Women Under Polygamy/Chapter 12
ABOUT the year 1807, William Carey, a native of Northampton, started a small society for the conver- sion of India to Christianity. He was assisted by the zealous Henry Martyn and two other clergymen. A few years later an English school was opened in Cal- cutta, in which Hindu children were instructed in the Bible.
Wilberforce, approved of this mission, and lent it his fervent advocacy. Schools began to be erected in all parts of India, though the innovation was opposed by the natives.
"It is difficult to fix the exact date of the beginning" of Zenana missions in Calcutta, as the necessity for them was felt simultaneously by all the Missionary Societies working in and around that city. Some say that the Baptist missionaries were the first to begin the work ; and it is well known that Mrs. Mullens, of the L.M.S., and her daughters visited Zenanas in connection with their own mission at this time.
11 In 1855 tne R CV - J- Fordyce, who was then in charge of the Free Kirk Orphanage in Calcutta, employed one of his teachers, Miss Toogood, to visit in some Zenanas, to which
access had been gained. She was followed by Miss Isabella Marr, who had been trained in the Calcutta Normal School, and the work soon fell into the hands of the Normal School Society, and rapidly developed between the years 1859-1878. But in the early days of Zenana, teaching there were great difficulties in the way. Prejudice was still strong, and often when a Zenana had been thrown open to the teaching of the missionary it sud- denly closed again, causing great sorrow and disappointment to the teachers, who yearned for the souls of their poor im- prisoned pupils.*'*
The movement grew steadily. A number of low- caste Hindus were attracted to the new creed, which offered them an ideal of democracy and fraternity, and promised a material heaven beyond the grave. There are now nearly three millions of Christian converts in India, mainly in Bengal and Madras.
The Church of England Zenana Missionary Society has stations all over the Indian Empire from Peshawar to Hyderabad, from Calcutta to Madras and Ceylon. There is no doubt that the lady medical missioners have done good work in the zenanas, where formerly the methods of healing were crude and inefficient.
There is, however, a difference of view amongst Anglo-Indians as to the ethical results of missionary enterprise. Certainly, only a few of the educated classes of India profess Christianity. The Moham- medans, who are becoming more numerous than the Hindus, are not readily persuaded to abandon their
- " India's Women," Vol. XII.
Mrs. A. M. L. Smith, a missionary, writing in 1892, asks : ' What effect are we producing upon the Mohammedans of Bangalore? Humanly-speaking, we are so feeble surrounded with difficulties, one and another often failing in health, the language strange to us, the people so far removed from our ways of thought that it is difficult for us to understand them we cannot wonder that we cannot point to great results. But our faith is in God and we believe that His mighty Word will accomplish His Will even in our weak hands. "*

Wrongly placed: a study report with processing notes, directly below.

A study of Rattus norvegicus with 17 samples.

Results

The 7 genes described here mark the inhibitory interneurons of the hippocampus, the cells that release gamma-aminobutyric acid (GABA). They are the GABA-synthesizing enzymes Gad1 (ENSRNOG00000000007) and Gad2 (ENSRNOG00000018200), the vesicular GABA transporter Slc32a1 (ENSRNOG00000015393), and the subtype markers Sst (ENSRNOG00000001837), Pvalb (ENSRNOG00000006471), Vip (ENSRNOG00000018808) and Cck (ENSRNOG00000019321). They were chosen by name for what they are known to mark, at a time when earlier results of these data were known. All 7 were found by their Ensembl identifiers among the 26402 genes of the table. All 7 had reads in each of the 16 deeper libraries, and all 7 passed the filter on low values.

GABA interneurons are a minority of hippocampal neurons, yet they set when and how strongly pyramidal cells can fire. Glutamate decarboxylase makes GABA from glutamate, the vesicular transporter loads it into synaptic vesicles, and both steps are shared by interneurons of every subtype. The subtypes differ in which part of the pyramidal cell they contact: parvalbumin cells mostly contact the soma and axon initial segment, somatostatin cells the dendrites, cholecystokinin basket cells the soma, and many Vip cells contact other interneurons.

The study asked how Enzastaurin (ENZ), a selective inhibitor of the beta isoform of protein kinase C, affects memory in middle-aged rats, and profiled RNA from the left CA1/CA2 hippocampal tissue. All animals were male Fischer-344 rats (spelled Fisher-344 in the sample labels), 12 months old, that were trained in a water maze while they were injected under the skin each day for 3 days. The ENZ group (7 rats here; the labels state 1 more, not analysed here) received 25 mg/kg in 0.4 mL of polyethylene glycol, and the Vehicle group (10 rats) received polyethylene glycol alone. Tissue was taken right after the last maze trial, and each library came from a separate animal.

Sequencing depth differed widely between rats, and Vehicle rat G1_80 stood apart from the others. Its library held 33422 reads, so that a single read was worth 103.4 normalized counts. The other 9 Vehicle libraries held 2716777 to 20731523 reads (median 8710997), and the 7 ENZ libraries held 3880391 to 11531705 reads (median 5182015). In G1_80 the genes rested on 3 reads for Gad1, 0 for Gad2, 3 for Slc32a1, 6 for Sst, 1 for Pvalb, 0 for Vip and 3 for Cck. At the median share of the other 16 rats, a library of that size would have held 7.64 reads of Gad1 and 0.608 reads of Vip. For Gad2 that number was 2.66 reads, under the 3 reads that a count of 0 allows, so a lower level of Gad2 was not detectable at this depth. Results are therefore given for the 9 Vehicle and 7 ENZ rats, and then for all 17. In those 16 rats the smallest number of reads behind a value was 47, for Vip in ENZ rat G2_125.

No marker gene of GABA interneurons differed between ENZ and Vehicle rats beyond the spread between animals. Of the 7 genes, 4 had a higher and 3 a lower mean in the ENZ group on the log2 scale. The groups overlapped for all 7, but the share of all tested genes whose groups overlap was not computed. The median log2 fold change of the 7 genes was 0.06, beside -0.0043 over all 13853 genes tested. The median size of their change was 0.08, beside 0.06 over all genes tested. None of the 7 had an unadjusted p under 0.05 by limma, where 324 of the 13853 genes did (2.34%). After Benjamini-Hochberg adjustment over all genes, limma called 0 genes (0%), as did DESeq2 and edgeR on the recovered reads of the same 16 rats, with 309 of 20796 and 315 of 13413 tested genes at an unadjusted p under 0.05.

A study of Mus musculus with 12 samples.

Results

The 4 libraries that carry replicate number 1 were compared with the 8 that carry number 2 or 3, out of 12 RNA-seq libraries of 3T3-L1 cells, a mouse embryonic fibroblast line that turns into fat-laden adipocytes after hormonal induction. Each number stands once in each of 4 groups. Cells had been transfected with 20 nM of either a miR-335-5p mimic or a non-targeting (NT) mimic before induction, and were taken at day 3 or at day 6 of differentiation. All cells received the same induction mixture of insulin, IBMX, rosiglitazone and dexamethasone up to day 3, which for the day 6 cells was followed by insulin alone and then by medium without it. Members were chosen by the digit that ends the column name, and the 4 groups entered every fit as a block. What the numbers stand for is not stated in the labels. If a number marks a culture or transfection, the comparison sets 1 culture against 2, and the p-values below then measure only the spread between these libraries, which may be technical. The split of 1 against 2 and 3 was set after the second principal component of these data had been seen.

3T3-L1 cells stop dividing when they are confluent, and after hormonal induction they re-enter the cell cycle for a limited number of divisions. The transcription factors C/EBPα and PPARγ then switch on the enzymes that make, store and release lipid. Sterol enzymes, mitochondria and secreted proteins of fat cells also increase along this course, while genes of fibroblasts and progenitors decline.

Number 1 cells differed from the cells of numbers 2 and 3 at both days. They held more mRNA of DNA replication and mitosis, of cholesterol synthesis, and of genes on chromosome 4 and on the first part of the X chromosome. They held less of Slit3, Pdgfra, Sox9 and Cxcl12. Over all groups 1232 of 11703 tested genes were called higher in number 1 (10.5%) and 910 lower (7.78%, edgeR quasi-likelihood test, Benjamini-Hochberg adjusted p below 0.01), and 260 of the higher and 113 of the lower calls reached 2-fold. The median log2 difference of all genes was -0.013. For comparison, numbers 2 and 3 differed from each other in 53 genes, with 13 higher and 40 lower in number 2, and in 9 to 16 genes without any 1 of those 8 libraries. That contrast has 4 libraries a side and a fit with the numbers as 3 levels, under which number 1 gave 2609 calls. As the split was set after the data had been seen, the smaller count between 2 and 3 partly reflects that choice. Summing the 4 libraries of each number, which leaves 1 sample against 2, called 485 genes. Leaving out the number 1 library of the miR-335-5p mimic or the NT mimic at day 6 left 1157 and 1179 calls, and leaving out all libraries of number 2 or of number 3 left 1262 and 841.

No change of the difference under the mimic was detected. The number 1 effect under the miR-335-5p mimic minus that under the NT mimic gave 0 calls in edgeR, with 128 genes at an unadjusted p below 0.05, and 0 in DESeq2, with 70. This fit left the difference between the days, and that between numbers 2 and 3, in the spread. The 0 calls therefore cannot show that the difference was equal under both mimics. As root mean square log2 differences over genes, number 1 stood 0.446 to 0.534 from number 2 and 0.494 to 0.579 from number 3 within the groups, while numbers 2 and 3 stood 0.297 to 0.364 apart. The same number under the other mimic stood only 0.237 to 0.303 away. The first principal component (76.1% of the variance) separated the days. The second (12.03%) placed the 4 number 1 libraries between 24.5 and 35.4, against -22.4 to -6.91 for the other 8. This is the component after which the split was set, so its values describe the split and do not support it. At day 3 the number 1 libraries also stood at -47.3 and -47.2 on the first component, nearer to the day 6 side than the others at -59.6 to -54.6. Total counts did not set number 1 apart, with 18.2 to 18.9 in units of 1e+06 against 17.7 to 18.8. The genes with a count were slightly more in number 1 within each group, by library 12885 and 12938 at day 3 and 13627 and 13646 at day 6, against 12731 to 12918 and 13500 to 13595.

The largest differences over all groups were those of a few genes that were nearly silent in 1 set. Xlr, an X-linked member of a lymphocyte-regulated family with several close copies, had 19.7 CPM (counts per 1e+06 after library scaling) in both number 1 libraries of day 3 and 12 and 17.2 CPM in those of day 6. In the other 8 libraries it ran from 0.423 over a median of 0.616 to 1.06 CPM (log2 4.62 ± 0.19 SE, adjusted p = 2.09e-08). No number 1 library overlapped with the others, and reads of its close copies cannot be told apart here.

Again, Miss Pontin, writing from Barrackpore, says : " One thought has been often in my mind dur- ing the past year ; how very little we have yet done ! how very little impression we have made." She con- tinues that the Hindus are apathetic to the ministra- tions of the missionaries, and that there are few indi- cations of a widespread conversion to the Christian religion.
Indian native publicists have, however, written com- mending the efforts of English missionary ladies, especially in the field of popular education and medical attention in the harems. The secular work of the Christian missions is in many respects beneficial from the Hindu point of view. One native writer speaks with unqualified admiration of the Zenana
- Op. Cit., p. 409.
Missions, describing them as " beneficent and en- nobling agencies."*
It is fairly certain that the bulk of the Hindu and Mohammedan people of India will never embrace the Christian faith. The West has brought Christianity to the East; but the West has also introduced philo- sophic doubt and the rationalising tendency of the age. The message of the evangelical creed makes no appeal to the high-caste cultivated Hindu.
Any unprejudiced Englishman acquainted with Indian life will testify that we have made certain grievous mistakes in the administration of the Indian Empire. Tampering with ancient religious practice is always dangerous. The most sympathetic under- standing and the rarest tact are necessary in dealing with the subject-races. These virtues are not always exhibited by administrators. " Our intolerance of a morality other than our own," writes Mr. J. H. Nelson, an English barrister, " brings about again and again the saddest results."!
- Babu Nanda Lai Ghose, " A Guide for Indian Females from
Infancy to Old Age," Lahore, t "The Scientific Study of the Hindu Law."